The Instant #1 International Bestseller
Some people's lives are entirely their own creations. James Rebanks' isn't. The first son of a shepherd, who was the first son of a shepherd himself, his family have lived and worked in the Lake District of Northern England for generations, further back than recorded history. It's a part of the world known mainly for its romantic descriptions by Wordsworth and the much loved illustrated children's books of Beatrix Potter. But James' world is quite different. His way of life is ordered by the seasons and the work they demand. It hasn't changed for hundreds of years: sending the sheep to the fells in the summer and making the hay; the autumn fairs where the flocks are replenished; the grueling toil of winter when the sheep must be kept alive, and the light-headedness that comes with spring, as the lambs are born and the sheep get ready to return to the hills and valleys.
The Shepherd's Life the story of a deep-rooted attachment to place, modern dispatches from an ancient landscape that describe a way of life that is little noticed and yet has profoundly shaped the landscape over time. In evocative and lucid prose, James Rebanks takes us through a shepherd's year, offering a unique account of rural life and a fundamental connection with the land that most of us have lost. It is a story of working lives, the people around him, his childhood, his parents and grandparents, a people who exist and endure even as the culture - of the Lake District, and of farming - changes around them.
Many memoirs are of people working desperately hard to leave a place. This is the story of someone trying desperately hard to stay.
The Peter Principle, the eponymous law Dr. Laurence J. Peter coined, explains that everyone in a hierarchy—from the office intern to the CEO, from the low-level civil servant to a nation’s president—will inevitably rise to his or her level of incompetence. Dr. Peter explains why incompetence is at the root of everything we endeavor to do—why schools bestow ignorance, why governments condone anarchy, why courts dispense injustice, why prosperity causes unhappiness, and why utopian plans never generate utopias.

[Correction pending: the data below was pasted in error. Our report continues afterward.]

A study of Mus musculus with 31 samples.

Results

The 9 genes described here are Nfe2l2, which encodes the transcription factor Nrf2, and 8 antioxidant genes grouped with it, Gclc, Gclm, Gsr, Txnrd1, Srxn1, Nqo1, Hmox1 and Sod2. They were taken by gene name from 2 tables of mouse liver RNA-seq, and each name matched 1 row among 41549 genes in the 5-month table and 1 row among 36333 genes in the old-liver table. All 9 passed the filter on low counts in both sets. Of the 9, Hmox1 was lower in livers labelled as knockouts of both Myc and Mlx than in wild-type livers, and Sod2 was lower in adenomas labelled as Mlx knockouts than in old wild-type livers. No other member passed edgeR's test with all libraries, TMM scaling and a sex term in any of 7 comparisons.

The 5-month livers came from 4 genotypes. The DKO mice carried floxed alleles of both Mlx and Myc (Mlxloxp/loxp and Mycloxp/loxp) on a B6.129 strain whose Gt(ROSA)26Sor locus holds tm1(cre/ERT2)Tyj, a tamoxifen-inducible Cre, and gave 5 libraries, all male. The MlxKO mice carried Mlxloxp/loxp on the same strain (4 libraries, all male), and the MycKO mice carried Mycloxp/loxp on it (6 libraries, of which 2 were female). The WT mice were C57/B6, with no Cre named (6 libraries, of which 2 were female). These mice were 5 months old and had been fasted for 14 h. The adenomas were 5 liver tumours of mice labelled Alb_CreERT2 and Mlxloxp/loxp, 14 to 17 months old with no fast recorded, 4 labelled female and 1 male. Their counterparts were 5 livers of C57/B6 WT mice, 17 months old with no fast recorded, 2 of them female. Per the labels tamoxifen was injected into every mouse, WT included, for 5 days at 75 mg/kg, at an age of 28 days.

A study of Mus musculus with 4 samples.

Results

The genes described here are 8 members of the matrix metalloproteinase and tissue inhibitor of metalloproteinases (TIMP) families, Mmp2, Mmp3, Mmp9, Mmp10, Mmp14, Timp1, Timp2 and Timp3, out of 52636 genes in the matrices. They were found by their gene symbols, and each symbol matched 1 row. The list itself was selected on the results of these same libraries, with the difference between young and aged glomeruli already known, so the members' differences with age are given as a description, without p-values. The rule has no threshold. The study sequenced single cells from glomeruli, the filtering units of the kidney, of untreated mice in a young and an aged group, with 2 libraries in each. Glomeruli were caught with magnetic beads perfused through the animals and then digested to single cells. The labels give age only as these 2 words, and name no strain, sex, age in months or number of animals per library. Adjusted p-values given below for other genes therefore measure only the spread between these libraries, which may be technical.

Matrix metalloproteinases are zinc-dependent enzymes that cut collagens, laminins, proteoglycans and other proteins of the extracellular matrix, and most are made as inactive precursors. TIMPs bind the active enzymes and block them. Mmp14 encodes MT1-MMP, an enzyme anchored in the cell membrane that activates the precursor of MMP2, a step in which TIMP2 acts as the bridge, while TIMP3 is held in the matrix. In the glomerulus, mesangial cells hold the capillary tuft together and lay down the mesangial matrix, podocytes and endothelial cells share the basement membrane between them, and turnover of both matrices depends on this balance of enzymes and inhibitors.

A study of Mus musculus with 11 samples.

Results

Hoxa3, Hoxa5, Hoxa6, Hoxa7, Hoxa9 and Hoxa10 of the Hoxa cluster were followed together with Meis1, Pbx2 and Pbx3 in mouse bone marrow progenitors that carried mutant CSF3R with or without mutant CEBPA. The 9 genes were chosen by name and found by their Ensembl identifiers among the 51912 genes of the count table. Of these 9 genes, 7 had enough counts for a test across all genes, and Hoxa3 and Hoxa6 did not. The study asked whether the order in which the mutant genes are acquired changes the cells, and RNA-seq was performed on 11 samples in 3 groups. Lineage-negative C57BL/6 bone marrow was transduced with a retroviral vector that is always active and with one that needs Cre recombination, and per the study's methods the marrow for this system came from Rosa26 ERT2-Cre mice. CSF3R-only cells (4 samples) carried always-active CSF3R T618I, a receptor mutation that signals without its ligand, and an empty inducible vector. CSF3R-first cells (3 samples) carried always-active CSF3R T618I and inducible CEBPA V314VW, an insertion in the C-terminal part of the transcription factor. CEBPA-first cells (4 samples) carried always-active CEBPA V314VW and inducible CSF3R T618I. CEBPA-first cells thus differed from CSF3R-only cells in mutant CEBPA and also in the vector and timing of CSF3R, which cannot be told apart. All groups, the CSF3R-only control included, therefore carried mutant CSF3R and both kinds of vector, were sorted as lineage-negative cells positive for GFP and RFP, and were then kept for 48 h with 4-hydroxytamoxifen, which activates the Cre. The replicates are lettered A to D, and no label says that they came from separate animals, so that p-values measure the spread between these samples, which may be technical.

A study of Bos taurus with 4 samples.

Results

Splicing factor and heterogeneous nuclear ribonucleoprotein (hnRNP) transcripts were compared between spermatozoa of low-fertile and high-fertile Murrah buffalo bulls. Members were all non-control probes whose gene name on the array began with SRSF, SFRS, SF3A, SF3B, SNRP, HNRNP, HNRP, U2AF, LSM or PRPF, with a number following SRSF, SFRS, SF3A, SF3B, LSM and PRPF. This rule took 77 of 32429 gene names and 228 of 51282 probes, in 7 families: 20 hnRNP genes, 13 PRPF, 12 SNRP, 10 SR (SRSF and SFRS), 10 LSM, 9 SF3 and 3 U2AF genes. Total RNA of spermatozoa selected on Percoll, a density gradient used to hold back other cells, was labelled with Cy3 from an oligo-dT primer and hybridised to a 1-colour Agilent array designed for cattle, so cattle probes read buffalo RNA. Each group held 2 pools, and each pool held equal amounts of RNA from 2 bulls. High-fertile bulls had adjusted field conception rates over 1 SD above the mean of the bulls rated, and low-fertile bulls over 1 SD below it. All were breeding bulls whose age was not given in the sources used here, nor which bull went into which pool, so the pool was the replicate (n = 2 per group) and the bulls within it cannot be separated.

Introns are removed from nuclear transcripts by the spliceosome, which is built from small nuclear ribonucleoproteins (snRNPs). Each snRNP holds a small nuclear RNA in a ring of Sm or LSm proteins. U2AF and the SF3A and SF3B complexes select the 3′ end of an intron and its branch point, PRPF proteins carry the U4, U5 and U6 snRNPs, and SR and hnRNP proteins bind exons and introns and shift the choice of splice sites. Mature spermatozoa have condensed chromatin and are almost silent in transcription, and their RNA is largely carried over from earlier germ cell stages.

With the wit of Mark Twain, the psychological acuity of Sigmund Freud, and the theoretical impact of Isaac Newton, Dr. Laurence J. Peter and Raymond Hull’s The Peter Principle brilliantly explains how incompetence and its accompanying symptoms, syndromes, and remedies define the world and the work we do in it.
When the book initially appeared, General Motors managers rejected it as unfairly critical and antibusiness. Yet, the GM concept of the corporation and its principles of organization later became models for organizations worldwide. Not only businesses, but also government agencies, research laboratories, hospitals, and universities have found in Concept of the Corporation a basis for effective organization and management.
Because it offers a fundamental theory of corporate goals, this book is a valuable resource for business professionals and organization analysts. It will also be of interest to students and professionals in economics, public administration, and political science. Professional and technical readers who admire Peter Drucker's work will want to be certain this volume is in their personal library. At a time when everything from the size to the structure of corporations is being questioned, this classic should prove a valuable guide.